The two biggest obstacles to the success of organisations are poor corporate governance and top-heavy structures, a report by the Industrial Psychology (PC) Consultants has revealed.
According to the report titled The State of Zimbabwean Corporate Leadership Survey 2020, the major concern is over corporate governance practices, which threaten the viability of organisations.
“The two biggest obstacles to the success of organisations are poor corporate governance and top-heavy structures, both with dimension indices of 39%. This implies that 39% of the participants believe that poor corporate governance and top-heavy structure are the main obstacles to the success of organisations,” the report observes. “Organisations should also move away from top-heavy structures as they bring with them unnecessary overheads and can create a difficult environment in the workplace as employees receive instructions from many different superiors. Also, this can create a management connection gap were management becomes disconnected from either the job function or the customer.
“Poor corporate governance at the executive and management levels can lead to bad business decisions, which can, in turn, lower the overall value of the organisation and make it more difficult for the business to meet its financial obligations, ” the report points out.
Other major obstacles to the success of the organisations noted by the report are nepotism, corruption, incompetent leadership, lack of financial resources and shareholder support deficit.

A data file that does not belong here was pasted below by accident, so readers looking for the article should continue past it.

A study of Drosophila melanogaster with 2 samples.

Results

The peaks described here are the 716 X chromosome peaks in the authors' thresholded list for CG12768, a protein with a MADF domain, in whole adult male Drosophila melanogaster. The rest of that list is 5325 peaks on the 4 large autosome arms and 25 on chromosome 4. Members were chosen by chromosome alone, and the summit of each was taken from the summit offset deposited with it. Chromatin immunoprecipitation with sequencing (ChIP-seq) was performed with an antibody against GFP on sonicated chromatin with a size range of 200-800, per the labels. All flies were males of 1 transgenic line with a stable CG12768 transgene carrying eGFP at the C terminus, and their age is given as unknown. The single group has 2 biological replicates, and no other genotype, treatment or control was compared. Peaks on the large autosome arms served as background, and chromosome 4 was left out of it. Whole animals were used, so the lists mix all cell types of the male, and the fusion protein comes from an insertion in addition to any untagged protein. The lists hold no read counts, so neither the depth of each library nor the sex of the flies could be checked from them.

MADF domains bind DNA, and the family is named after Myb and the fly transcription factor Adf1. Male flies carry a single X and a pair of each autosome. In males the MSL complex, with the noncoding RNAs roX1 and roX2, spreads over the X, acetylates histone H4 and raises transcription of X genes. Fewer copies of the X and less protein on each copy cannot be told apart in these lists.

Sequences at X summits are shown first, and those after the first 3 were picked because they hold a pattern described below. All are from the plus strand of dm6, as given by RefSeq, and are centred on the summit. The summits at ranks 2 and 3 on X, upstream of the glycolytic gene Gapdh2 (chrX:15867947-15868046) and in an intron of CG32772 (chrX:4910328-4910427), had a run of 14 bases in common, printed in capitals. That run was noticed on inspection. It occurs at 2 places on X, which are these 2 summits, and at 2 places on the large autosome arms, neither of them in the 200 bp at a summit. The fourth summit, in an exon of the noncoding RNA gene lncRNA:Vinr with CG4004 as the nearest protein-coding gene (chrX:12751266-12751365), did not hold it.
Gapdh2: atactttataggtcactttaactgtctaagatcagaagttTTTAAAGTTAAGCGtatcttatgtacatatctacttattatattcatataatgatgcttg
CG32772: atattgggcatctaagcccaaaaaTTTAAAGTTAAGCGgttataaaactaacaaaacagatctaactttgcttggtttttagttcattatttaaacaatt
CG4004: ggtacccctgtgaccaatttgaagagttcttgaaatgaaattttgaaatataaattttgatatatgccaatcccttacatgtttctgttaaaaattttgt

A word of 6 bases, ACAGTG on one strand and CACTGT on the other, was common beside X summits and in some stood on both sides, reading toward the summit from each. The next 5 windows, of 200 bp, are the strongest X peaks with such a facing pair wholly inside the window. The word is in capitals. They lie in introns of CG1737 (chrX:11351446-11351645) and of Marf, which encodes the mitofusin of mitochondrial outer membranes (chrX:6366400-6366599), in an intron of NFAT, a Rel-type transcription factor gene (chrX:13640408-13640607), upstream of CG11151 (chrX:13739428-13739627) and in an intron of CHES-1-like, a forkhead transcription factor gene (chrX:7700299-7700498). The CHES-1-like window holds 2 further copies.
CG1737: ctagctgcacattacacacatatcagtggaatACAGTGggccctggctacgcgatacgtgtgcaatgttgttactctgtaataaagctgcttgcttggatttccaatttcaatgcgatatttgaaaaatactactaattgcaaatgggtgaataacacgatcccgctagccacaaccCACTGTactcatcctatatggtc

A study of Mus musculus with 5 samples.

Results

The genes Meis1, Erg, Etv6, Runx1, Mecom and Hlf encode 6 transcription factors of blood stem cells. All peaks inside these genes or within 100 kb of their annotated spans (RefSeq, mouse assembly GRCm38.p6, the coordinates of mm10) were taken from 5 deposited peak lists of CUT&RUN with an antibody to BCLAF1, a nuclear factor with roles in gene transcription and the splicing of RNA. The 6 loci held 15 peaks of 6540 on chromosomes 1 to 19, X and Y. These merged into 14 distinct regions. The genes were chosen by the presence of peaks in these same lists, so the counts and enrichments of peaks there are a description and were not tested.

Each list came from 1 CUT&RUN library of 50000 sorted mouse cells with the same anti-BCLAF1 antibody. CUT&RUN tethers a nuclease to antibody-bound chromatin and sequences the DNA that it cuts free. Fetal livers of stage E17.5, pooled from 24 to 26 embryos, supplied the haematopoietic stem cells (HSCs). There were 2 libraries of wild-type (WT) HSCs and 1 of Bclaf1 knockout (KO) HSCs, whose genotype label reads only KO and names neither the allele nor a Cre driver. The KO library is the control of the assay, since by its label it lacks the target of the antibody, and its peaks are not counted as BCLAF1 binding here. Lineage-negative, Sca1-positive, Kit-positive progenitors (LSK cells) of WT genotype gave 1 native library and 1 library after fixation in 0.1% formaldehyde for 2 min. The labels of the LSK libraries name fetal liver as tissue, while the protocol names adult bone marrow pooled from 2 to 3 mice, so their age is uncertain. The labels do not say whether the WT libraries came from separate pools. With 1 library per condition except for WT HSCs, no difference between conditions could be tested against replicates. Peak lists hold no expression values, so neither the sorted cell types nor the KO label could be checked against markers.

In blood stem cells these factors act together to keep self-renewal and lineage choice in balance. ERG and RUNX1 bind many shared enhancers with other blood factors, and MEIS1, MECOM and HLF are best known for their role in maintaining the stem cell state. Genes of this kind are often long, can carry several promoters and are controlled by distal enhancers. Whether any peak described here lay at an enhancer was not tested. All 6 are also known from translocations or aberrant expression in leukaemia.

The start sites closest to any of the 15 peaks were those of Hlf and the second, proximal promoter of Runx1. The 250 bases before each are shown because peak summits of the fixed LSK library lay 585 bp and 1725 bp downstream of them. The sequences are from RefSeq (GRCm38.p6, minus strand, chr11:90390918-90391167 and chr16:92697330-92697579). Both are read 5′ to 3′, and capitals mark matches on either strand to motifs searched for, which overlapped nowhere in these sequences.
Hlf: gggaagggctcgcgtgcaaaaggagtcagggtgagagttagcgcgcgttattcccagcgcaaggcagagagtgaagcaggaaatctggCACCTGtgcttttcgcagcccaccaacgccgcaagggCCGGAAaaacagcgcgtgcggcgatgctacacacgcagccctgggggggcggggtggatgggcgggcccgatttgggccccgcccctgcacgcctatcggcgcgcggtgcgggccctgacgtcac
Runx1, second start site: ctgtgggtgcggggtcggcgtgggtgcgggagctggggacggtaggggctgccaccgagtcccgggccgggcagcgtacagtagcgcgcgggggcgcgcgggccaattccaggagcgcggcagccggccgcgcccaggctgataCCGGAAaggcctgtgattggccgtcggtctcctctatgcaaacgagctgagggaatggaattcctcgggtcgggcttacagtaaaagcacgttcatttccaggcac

“The results from this survey indicate that most people are not very convinced with the corporate leadership in Zimbabwe,” the report noted. However, some dimensions were found to be associated with building confidence within participants. For Chief executive officers and top leadership, showing Integrity, leading by example, exhibiting business acumen (making profitable business decisions) and driving the right culture were found to inspire people to be more confident in them. In addition to this, CEOs or leaders in organisations without incompetent leadership were found to have more people believe in them.”
The survey established that 68,3% of the participants have confidence in the leadership of the chief executive officer or managing director, and 53,1% have agreed that they have confidence in the leadership of the Board of organisation.
On human resources issues, the survey found that 9,87% believe that Boards of the organization show no evidence of competence, while 23,32% says that the board of the organisation is far below expectations, and 27,80% says that it is somewhat competent.
“From the participants’ perspective, top leadership is most competent at putting customers first but believes that top leadership should work more on adapting to and effecting change,” the report states. A total number of 20 sectors were represented in the survey.